Jack Ryan

In establishing reasonable suspicion to conduct the search of a student, school officials and police officers assigned to schools should provide complete details of the facts which justified their decision to search. A case from the State of Washington provides a good example of the detail which will support such a search.

State of Washington v. Huff, 2004 Wash. App. LEXIS 1141 (Ct. App. Washington, Division One 2004), involved the search of a student by a school security officer accompanied by a school resource officer. Officer Orta of the Seattle Police Department was patrolling the area around the campus to insure that students were not leaving the closed-campus. While patrolling he observed Huff and another student, both of whom appeared to be of school-age. He questioned the pair and sent them back to school. He then radioed the school security officer, Officer Crane, and informed him as to where he had observed these students and the fact that he was sending them back to school.

Crane was familiar with the area where the two students have been and knew that students used the area for drug-related activity. In addition, he was familiar with Huff. Six weeks earlier, “Crane had escorted Huff off campus for violating the school drug policy by using or possessing drugs. As he escorted Huff off campus, Huff told Crane that he had been using drugs off campus and pointed to the area northeast of the campus [the same area where Officer Orta observed Huff and the other student].” “Crane also knew that Huff had been caught off campus one other time recently.” Based upon all of these facts, Officer Crane decided to call Huff from class and search him. Upon searching Huff, School Security Officer Crane found a pill in Huff’s pocket. Officer Orta recognized the pill as “ecstasy.”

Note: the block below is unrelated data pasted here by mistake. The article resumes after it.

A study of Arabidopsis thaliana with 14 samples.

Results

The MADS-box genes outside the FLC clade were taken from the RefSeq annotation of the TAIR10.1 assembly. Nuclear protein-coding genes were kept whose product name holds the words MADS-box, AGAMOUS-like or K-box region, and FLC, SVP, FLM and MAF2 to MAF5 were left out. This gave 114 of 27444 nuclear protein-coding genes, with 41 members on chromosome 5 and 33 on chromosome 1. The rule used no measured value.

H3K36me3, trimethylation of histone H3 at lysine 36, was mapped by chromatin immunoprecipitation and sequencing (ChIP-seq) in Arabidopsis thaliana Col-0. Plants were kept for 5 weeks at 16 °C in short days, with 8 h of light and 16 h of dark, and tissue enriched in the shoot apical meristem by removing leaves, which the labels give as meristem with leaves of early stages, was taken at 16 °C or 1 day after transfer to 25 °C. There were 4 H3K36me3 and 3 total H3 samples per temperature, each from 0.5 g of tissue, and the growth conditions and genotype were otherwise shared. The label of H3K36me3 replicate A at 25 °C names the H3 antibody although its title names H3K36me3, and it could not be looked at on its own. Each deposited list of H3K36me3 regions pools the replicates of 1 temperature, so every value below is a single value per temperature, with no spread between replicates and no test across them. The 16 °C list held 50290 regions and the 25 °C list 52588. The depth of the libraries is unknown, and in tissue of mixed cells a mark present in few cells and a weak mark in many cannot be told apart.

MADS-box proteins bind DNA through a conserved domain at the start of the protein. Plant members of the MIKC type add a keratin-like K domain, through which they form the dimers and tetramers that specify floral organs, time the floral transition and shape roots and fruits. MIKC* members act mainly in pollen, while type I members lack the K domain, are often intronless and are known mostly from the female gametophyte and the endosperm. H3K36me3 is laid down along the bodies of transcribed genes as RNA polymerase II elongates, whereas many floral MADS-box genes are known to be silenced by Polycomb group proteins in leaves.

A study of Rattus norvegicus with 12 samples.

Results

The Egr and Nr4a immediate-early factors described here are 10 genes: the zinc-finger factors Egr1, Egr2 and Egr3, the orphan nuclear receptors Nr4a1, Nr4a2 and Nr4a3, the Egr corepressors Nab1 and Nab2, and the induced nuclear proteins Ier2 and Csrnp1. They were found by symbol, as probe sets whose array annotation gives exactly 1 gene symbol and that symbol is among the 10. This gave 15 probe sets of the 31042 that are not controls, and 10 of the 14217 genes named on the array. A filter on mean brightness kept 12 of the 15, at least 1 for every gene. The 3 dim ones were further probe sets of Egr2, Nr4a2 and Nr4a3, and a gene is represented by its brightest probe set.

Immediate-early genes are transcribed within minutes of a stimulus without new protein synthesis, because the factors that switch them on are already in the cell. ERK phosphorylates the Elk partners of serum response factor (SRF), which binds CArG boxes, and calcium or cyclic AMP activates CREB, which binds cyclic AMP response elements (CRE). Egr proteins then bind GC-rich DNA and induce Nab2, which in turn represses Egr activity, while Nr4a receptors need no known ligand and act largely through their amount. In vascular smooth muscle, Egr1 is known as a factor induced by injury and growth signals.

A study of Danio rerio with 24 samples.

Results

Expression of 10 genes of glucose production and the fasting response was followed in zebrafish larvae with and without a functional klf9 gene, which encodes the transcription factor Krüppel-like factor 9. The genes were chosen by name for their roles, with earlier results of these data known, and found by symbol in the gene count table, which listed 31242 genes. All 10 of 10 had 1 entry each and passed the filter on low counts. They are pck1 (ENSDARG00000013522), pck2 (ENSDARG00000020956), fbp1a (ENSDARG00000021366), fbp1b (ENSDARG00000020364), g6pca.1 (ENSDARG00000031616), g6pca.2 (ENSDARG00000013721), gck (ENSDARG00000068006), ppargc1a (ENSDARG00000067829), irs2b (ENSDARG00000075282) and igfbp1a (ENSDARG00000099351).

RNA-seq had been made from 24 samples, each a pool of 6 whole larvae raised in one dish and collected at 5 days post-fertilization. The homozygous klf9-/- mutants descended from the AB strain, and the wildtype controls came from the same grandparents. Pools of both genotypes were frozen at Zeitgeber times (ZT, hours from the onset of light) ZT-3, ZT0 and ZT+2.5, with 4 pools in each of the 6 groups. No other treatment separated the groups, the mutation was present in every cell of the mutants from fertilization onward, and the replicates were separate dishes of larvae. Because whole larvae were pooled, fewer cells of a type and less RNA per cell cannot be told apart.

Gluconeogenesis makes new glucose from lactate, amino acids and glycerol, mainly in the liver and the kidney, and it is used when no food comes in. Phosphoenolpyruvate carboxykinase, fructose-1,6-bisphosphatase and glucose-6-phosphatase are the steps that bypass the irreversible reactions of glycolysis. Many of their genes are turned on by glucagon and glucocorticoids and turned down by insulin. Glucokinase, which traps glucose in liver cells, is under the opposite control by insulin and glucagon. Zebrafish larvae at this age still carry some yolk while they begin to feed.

The court concluded that the search here met the requirements of a school search, namely that it be justified at its inception and be reasonably related in scope to the circumstances that justified the interference in the first place. The court cited Officer Orta’s observations and Officer Crane’s personal knowledge of Huff and the area, coupled with a known drug problem in the school as justification for the search.